Gilchrist ailing Detroit apartment building sold for $190K
Detroit — The fire-damaged Detroit apartment building Lt. Gov. Garlin Gilchrist owned has been sold.
The eight-unit apartment building at 253 Marston near the New Center area sold for $190,000 to Detroit Renaissance Fund LLC, said Alyssa Strickland, spokeswoman for the Detroit Land Bank Authority, which had to approve the deal. The sale closed Feb. 21.
The listed buyer is essentially a shell company with scant public information. The registered agent is listed as Incorporating Services Ltd. with a Plymouth address, and it was organized under Delaware law and managed by a corporation company out of Florida.
In a Michigan filing, the company described its business plans as "rental or residential real estate.”
“We are excited about the fact that I get to serve the people as lieutenant governor,” said Gilchrist on Thursday following his keynote address at the Detroit Policy Conference. “That sale has happened, and we were able to close.”
Gilchrist bought the building from the land bank for $13,500, taking advantage of a 50-percent discount as a city employee in 2016. He will not owe any money to the land bank because he sold it at a loss after spending about $226,000 trying to restore it.
Gilchrist’s office has said he has been focused on his new role as lieutenant governor.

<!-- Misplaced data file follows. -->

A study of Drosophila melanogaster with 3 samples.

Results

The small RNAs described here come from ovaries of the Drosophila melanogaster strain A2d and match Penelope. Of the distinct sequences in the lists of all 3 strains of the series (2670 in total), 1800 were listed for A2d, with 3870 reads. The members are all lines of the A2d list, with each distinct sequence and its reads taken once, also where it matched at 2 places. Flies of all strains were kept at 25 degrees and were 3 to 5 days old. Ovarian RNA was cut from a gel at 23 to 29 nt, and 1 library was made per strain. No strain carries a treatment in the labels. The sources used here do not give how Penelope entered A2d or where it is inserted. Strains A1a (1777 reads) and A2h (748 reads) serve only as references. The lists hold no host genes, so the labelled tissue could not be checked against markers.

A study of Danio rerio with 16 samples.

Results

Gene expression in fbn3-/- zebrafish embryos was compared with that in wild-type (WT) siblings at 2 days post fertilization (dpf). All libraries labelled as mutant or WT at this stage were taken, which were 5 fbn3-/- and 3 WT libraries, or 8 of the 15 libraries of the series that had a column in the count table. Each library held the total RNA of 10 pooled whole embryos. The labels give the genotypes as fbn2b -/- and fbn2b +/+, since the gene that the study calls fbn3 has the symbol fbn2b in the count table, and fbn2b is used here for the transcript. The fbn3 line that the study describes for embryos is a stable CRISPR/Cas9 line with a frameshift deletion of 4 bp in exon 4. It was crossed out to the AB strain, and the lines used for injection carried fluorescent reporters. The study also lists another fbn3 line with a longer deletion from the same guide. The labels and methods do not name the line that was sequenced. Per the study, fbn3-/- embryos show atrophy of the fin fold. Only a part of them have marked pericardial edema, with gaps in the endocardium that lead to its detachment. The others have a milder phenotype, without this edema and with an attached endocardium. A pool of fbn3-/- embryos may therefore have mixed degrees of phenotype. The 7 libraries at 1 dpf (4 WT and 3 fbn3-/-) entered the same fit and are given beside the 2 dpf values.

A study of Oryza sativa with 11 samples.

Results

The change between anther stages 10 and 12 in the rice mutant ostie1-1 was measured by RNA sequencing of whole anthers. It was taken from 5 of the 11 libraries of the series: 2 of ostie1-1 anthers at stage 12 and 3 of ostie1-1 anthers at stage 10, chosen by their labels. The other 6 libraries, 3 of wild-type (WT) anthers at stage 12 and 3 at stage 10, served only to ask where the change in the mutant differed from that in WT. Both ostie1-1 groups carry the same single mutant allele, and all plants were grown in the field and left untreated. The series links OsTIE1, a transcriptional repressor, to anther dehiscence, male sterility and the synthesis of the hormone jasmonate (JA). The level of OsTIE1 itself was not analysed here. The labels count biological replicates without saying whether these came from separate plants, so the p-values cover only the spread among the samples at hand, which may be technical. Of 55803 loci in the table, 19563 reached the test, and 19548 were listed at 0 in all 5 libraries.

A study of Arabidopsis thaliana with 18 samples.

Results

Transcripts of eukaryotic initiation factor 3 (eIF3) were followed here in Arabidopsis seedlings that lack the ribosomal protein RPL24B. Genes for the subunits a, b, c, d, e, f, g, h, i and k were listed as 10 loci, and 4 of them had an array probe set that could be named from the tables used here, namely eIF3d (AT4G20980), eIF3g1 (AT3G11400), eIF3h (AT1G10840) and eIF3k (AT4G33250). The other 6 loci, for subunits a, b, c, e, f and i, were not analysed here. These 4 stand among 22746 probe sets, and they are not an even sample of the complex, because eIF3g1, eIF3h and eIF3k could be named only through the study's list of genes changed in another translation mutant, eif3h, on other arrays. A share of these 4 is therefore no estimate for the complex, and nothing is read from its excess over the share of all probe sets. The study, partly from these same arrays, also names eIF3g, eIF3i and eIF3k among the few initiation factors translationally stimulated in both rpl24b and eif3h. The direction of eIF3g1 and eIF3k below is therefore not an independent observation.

The building became an issue during the fall campaign with Gov. Gretchen Whitmer when neighbors complained about the eyesore.
At the time, Gilchrist said he made progress on the renovations, but that it wasn’t in the condition he wanted it to be in. He said he struggled to get loans.
A government official selling to a shell company could raise some concerns, said Craig Mauger, executive director of the Michigan Campaign Finance Network.
“The potential risk is someone could be selling a property for over what it’s worth and that could be a benefit to a public official,” he said. “It could be a potential concern that someone that has interest in public policy that could be before the gubernatorial administration could be purchasing the property.
"... That’s why transparency is important. Knowing who is behind the entity would be a critical piece of information.”
Mauger said the reason the property came to the attention of the public was because of the campaign. Michigan is one of two states in which state officials aren’t required to file personal financial disclosures. The other is Idaho.
“This is a situation where we knew he was selling the property,” Mauger said. “Most frequently, we don’t know anything about instances like this. This sale could be perfectly legitimate and totally be on the up and up. If there was someone that wanted to take advantage of the secrecy of the system, you could see how someone could. We know a sale has taken place. That’s at least a positive thing. To dig around and find out who is behind the LLC, that’s the fun part.”
Gilchrist was delinquent in 2017, his first year owing taxes on the property, when he failed to pay his summer and winter bills on time. The delinquency prompted the city of Detroit to send Gilchrist's case to Wayne County for collections, but Gilchrist paid off $935.18 in delinquent taxes and fees on June 5, 2018, according to county records.
He also was late, but not delinquent in paying his 2018 property taxes.
Strickland said the new owner must adhere to the terms of the original purchase agreement, including compliance requirements.